Five years ago, the pro-life group Centers for Medical Progress released several undercover videos damning to Planned Parenthood that led to a storm of attacks against the well known abortion provider.
Texas, for its part, responded by taking steps to cut Medicaid funding for Planned Parenthood affiliates in the state.
The matter has been caught up in federal courts for years, but now an en banc opinion from the U.S. Fifth Circuit Court of Appeals takes sides with Texas to allow exclusion of Planned Parenthood from its Medicaid program by the state.
“Undercover video plainly showed Planned Parenthood admitting to morally bankrupt and unlawful conduct, including violations of federal law by manipulating the timing and methods of abortions to obtain fetal tissue for their own research,” said Texas Attorney General Ken Paxton in a press release.
“Planned Parenthood is not a ‘qualified’ provider under the Medicaid Act, and it should not receive public funding through the Medicaid program,” he added.
The new opinion from the Fifth Circuit overturns a previous ruling heard by a panel of judges on the same court in Planned Parenthood of Gulf Coast, Inc. v. Gee, wherein the court ruled that the State of Louisiana could not exclude Planned Parenthood from its Medicaid program.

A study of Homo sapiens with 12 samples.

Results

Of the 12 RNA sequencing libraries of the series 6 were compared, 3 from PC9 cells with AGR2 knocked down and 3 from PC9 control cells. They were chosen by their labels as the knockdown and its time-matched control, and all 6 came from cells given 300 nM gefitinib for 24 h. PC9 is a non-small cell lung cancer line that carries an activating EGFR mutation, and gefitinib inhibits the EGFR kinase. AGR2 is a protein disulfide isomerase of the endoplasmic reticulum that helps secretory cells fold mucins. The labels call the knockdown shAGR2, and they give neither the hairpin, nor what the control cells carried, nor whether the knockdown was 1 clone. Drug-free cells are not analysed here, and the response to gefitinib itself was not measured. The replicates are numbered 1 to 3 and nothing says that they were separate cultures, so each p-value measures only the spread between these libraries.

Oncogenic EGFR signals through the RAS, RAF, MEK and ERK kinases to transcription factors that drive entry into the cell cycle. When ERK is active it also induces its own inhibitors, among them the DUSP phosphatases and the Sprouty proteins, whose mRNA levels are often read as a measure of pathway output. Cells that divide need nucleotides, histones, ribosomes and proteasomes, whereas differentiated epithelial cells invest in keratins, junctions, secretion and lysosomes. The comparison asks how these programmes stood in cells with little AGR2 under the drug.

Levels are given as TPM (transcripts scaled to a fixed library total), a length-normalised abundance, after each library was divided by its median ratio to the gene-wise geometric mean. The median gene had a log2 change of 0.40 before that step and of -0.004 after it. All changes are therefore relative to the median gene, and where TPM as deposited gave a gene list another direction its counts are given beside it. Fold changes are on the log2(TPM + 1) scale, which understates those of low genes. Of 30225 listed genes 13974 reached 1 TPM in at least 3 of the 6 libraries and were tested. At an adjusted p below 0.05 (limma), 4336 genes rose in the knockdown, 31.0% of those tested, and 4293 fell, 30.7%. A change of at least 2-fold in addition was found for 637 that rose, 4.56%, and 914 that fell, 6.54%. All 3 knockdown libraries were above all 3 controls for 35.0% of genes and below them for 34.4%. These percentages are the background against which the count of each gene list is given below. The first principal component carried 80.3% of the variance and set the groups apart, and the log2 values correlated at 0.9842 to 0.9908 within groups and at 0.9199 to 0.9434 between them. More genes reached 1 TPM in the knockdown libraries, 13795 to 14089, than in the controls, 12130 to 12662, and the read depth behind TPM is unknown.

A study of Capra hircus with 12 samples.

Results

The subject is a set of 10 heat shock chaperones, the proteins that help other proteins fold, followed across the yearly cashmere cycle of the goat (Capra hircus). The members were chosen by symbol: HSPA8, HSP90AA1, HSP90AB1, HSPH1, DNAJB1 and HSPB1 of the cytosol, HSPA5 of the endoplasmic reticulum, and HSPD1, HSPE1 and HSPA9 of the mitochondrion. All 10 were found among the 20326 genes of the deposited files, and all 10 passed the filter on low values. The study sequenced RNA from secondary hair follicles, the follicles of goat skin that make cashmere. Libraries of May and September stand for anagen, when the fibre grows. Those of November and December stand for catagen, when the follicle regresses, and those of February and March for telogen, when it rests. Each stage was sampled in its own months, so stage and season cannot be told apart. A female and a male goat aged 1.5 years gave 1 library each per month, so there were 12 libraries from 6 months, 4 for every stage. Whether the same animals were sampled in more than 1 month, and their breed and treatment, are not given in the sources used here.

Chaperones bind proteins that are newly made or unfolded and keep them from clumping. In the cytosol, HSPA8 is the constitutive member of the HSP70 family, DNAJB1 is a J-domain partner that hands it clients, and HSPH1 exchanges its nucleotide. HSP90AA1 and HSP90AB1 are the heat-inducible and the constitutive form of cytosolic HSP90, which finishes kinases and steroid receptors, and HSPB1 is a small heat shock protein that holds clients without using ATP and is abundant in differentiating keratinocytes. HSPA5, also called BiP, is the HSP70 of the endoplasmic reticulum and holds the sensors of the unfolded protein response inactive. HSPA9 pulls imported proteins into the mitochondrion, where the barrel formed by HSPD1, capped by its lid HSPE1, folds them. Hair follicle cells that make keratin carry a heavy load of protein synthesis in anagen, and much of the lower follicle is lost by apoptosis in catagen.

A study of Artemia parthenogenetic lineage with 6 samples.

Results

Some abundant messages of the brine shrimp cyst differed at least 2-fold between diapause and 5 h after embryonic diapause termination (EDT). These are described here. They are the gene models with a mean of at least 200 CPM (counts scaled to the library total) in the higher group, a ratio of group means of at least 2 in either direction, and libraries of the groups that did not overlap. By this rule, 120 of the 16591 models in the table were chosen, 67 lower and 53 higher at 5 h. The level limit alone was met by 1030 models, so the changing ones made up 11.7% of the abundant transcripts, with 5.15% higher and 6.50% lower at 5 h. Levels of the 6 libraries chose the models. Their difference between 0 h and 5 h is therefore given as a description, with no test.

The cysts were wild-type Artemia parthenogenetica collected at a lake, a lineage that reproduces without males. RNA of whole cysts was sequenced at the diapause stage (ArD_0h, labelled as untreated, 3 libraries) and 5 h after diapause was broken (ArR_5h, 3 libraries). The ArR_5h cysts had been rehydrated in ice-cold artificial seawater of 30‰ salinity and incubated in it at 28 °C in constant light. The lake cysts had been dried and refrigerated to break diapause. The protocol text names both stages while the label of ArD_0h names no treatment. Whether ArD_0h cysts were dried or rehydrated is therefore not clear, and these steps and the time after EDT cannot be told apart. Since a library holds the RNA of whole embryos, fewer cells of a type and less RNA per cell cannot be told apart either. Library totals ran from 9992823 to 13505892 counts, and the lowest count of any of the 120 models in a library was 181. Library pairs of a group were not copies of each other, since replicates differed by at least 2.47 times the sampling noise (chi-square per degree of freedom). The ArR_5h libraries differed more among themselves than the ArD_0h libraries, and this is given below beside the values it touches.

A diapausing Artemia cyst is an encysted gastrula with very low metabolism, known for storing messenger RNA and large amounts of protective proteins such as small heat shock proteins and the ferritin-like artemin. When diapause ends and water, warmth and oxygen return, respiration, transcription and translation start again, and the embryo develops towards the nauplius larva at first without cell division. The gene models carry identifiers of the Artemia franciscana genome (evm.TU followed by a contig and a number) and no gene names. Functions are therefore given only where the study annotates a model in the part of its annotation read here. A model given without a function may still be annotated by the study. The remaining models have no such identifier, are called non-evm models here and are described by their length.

Louisiana appealed the decision to the Supreme Court, but the petition was denied.
At the center of the Fifth Circuit ruling on Monday, the court particularly examined whether Medicaid patients have a right under Section 1983 of the U.S. public health code to challenge “a State’s determination that a health care provider is not ‘qualified’” under their Medicaid program.
While the Fifth Circuit held in January 2019 that a lower court had incorrectly blocked Texas’ decision to exclude Planned Parenthood from the program, they still maintained precedent set in Gee that Medicaid patients could bring a challenge under Section 1983.
The court subsequently held an en banc hearing in May 2019 to reconsider that decision.
In overruling Gee, the Fifth Circuit determined that Medicaid patients do not have a right to challenge a state’s determination of whether or not a healthcare provider is “qualified” to be a part of the state’s Medicaid program.